Hopefully by now, anyone working with SQL Server as a profession is aware of how important statistics are. If you aren’t sure why, or you need a refresher, check out Kimberly’s blog post “Why are Statistics so Important“. Here’s a hint, the query optimizer uses statistics to help make decisions when creating an execution plan. Out-of-date statistics can mean a much less optimal plan.

Erin Stellato wrote an excellent blog post “Updating Statistics with Ola Hallengren’s Script” where she covers updating statistics with database maintenance plans, T-SQL, and using Ola Hallengren’s Index Optimize script. In this article Erin discusses various options for updating statistics and how using an approach of only updating statistics that have had row modifications is less invasive. She further explains how in SQL Server 2008R2 SP2 and SQL Server 2012 SP1, Microsoft introduced the sys.dm_db_stats_properties which tracks modifications for each statistic.

This new DMV allows users to build logic into their processes to only update statistics after a specific percentage of change has occurred. This can further reduce the overhead of updating statistics.

I’ve been using Ola Hallengren’s Index Optimize procedure for over decade as well as recommend his process for my clients. The Index Optimize procedure has logic built in to deal with index fragmentation based on the percentage of fragmentation. This allows you to not worry about minimal fragmentation, reorganize if the indexes aren’t heavily fragmented, and rebuild if the fragmentation level is over a certain threshold. It is a better process than blindly reorganizing or rebuilding all indexes regardless of their fragmentation level.

Over the years, I’ve found that many clients as well as DBA’s aren’t aware that reorganize does not update statistics, whereas an index rebuild does. If you are using logic to reorganize and rebuild, without a separate statistics update process, your statistics may be slowly aging and could become problematic. Fortunately, Ola’s Index Optimize procedure allows for passing parameters to update statistics. These include:

@UpdateStatistics
@OnlyModifiedStatistics
@StatisticsModificationLevel

Typically, I’ve only had to configure @UpdateStatics = ‘ALL’ and @OnlyModifiedStatistics = ‘Y’. This would update all statistics if there have been any row modifications. This has worked for me, my previous employer, and my clients for many years.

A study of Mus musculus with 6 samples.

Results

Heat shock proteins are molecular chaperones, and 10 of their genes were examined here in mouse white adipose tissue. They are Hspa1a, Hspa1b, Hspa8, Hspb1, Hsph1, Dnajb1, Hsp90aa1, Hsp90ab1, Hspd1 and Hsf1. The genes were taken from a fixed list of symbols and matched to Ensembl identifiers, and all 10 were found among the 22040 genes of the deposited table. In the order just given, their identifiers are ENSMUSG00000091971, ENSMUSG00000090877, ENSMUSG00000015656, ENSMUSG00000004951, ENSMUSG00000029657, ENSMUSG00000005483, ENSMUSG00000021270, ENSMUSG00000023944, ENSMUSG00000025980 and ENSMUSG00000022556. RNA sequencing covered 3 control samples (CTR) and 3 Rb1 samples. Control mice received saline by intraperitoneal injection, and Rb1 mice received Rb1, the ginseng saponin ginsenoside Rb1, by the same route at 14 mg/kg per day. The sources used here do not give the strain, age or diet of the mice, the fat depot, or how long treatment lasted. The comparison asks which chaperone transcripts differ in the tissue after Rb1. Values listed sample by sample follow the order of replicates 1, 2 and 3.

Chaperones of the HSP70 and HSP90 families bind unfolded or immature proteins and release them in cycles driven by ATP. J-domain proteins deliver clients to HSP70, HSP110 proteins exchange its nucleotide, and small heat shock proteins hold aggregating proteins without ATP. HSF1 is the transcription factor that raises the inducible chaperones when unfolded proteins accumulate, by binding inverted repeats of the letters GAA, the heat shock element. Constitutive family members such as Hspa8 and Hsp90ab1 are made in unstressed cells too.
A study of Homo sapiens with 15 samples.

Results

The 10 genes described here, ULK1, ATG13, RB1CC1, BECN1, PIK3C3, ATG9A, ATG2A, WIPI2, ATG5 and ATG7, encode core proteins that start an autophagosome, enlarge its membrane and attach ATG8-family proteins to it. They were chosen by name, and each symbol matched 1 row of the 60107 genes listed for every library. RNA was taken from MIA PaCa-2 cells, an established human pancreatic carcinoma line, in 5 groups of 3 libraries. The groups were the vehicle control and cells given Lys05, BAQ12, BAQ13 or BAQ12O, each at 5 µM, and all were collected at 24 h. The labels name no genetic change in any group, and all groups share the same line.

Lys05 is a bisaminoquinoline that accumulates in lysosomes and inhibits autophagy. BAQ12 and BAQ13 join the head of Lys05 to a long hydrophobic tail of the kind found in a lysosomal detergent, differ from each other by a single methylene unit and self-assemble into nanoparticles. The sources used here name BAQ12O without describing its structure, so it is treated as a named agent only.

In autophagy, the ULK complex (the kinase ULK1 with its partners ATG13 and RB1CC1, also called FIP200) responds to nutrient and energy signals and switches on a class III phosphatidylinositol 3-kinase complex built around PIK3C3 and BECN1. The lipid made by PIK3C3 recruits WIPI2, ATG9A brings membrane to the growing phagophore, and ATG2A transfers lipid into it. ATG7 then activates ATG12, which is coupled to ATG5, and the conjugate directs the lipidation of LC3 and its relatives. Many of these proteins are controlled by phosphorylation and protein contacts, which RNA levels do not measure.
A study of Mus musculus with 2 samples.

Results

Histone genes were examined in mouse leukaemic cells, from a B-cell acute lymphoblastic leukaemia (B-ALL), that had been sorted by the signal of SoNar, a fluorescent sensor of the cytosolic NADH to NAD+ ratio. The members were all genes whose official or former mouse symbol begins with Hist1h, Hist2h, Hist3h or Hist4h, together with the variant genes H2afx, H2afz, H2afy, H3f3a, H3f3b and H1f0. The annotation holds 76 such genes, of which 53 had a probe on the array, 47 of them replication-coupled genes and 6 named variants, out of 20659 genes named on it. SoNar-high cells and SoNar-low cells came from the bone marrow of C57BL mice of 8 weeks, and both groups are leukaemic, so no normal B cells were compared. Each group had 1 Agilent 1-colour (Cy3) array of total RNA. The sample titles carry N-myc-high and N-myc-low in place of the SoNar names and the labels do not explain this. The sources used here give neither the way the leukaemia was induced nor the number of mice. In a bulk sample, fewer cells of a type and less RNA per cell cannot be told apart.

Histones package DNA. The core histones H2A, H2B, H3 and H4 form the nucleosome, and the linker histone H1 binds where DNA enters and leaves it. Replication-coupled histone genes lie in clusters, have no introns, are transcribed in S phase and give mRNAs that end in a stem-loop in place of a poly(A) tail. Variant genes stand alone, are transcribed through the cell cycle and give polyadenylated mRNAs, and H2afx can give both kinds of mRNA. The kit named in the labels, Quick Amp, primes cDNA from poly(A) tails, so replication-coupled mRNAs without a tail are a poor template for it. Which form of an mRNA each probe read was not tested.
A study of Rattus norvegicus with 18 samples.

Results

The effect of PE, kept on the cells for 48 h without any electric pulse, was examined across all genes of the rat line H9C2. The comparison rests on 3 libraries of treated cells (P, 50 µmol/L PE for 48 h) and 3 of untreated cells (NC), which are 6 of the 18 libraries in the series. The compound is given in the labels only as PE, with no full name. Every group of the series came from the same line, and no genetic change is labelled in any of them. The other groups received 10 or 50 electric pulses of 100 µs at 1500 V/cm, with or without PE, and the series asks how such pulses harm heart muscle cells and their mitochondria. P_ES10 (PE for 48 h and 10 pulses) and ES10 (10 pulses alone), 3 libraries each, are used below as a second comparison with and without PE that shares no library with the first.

Recently I encountered an issue with a very large database with numerous tables with 100’s of millions of rows each as well as hundreds of other tables with a million or less rows. Every table would have some level of data change per day. This was causing statistics to be updated nightly on nearly every table, even those with minimal change. This took extra time and was generating additional IO that the customer needed to minimize. I updated the process to change @OnlyModifiedStatistics to @StatisticsModificationLevel = ‘5’ for 5%. Now statistics will only be updated after a 5% data change, or so I thought.

When I made this change and reviewed what would now be updated, I was surprised to see that some large tables were going to have statistics updated. I noticed that several large tables were listed, even though the modification counter was well below the 5% threshold. It turns out that statistics will be updated when the number of modified rows has reached a decreasing, dynamic threshold, SQRT(number of rows * 1000). SQRT = Square Root. For example, a table with 9,850,010 rows at 5% would be 492,500 rows, however the modification counter was only 134,017 rows. If we plug 9,850,010 into SQRT(9,850,010 * 1000) = 99,247, which is well below the 492k value. Is this a bad thing? Absolutely not, 99,247 is still much larger than 1. By only use @OnlyModifiedStatistics, this nearly 10M row table would have statistics updated after a single modification.

Having @StatisticsModificationLevel is a nice tool to have at your disposal for those situations where you need to fine tune your maintenance process.